Netflix’s 'All the Bright Places' Is Definitely NOT a Rom-Com (SPOILERS)


Well, this film certainly has dark times, but we’re not totally convinced there are any bright places left once you’ve finished the movie.

If you haven’t watched the movie yet (or read the book by Jennifer Niven on which the film is based), be prepared that this article will 1) Contain a bunch of spoilers, and 2) Just be an overall huge bummer. Now, let’s talk about the heartbreaking ending of All the Bright Places.


‘All the Bright Places’ — ending explained:

Before we get into exactly what happens at the ending of All the Bright Places, be forewarned: There will be discussion of mental illness, death, and suicide. Please be good to yourself and your brain and, if you need to, read something else instead.

OK. Time for spoilers. All the Bright Places tells the story of Violet and Finch, two teens who attend the same Indiana high school. When the film starts, Violet (Elle Finch) is dealing with survivor’s guilt after the death of her sister Eleanor. Finch (Justice Smith) is battling an unidentified mental illness — he tells Violet that he occasionally has “dark moods” and “get[s] a little lost sometimes.” 

The two start spending more and more time together, first because it’s required for a school project, and then because they’re starting to have feelings for one another. But, like we said, this is not a romantic comedy and it does not have a happily-ever-after ending. 


Finch dies at the end of the movie. His death isn’t shown or specifically labeled a suicide. All we know is that his clothes were found near a lake where he and Violet had previously gone swimming together. It’s implied that Finch drowned, although, again, we don’t find out whether his death was intentional.

Author Jennifer Niven says the story couldn’t have ended any other way.

In an interview for the WHSmith blog, Jennifer said that the character of Finch was based on a boy she had loved when she was younger, and who also suffered from mental illness and died. 

When asked whether she had ever considered an alternate ending to the story, she said: “I never questioned how All the Bright Places would end. I knew in my bones that the only ending could be the one I wrote, not just because too many stories about teen mental health are tied up in neat little packages with bows on top, but because it’s the ending I lived with the real-life Finch. It was the story I knew.”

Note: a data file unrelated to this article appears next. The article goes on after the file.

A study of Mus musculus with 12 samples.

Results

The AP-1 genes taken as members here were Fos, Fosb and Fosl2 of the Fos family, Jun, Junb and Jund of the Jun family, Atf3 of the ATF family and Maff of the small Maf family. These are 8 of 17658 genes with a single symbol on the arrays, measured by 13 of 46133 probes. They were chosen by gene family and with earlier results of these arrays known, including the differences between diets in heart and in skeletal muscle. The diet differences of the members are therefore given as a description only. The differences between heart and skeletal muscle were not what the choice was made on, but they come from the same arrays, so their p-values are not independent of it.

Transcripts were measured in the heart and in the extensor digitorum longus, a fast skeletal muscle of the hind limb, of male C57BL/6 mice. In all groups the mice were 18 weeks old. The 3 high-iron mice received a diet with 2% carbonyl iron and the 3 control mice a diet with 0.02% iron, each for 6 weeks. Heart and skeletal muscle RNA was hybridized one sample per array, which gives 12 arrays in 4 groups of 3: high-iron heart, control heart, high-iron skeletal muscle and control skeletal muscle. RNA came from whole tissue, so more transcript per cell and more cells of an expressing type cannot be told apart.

Of course, the film didn’t necessarily have to end the same way, and the filmmakers did actually change some things about the story. Director Brett Haley said they met with “many, many mental health professionals about the script,” and made some tweaks to the story as a result. 

For instance, Finch doesn’t explicitly state that he’s suicidal in the film. He also is not diagnosed with a specific mental illness (at least not on screen). “We did not want to make a blanket statement and say, ‘Oh, well, this is how the disorder is,’” Brett said.

After the controversy surrounding Netflix’s 13 Reasons Why and its depiction (and, in some people’s opinion, glorification) of suicide, Brett wanted to be sure not to make the same missteps with All the Bright Places. Instead, he aimed to open a dialogue about mental illness and give people tools to talk about their struggles more openly.

The film ends with information about how to seek help. Netflix is also releasing a roundtable discussion on social media that features Jennifer Niven, Elle and Justice, and mental health professionals. Whether that’s enough to avoid controversy remains to be seen, although we certainly applaud those involved with the film in trying to do their due diligence in presenting this heartbreaking story.

If you or someone you know is contemplating suicide, call the National Suicide Prevention Lifeline at 1-800-273-8255.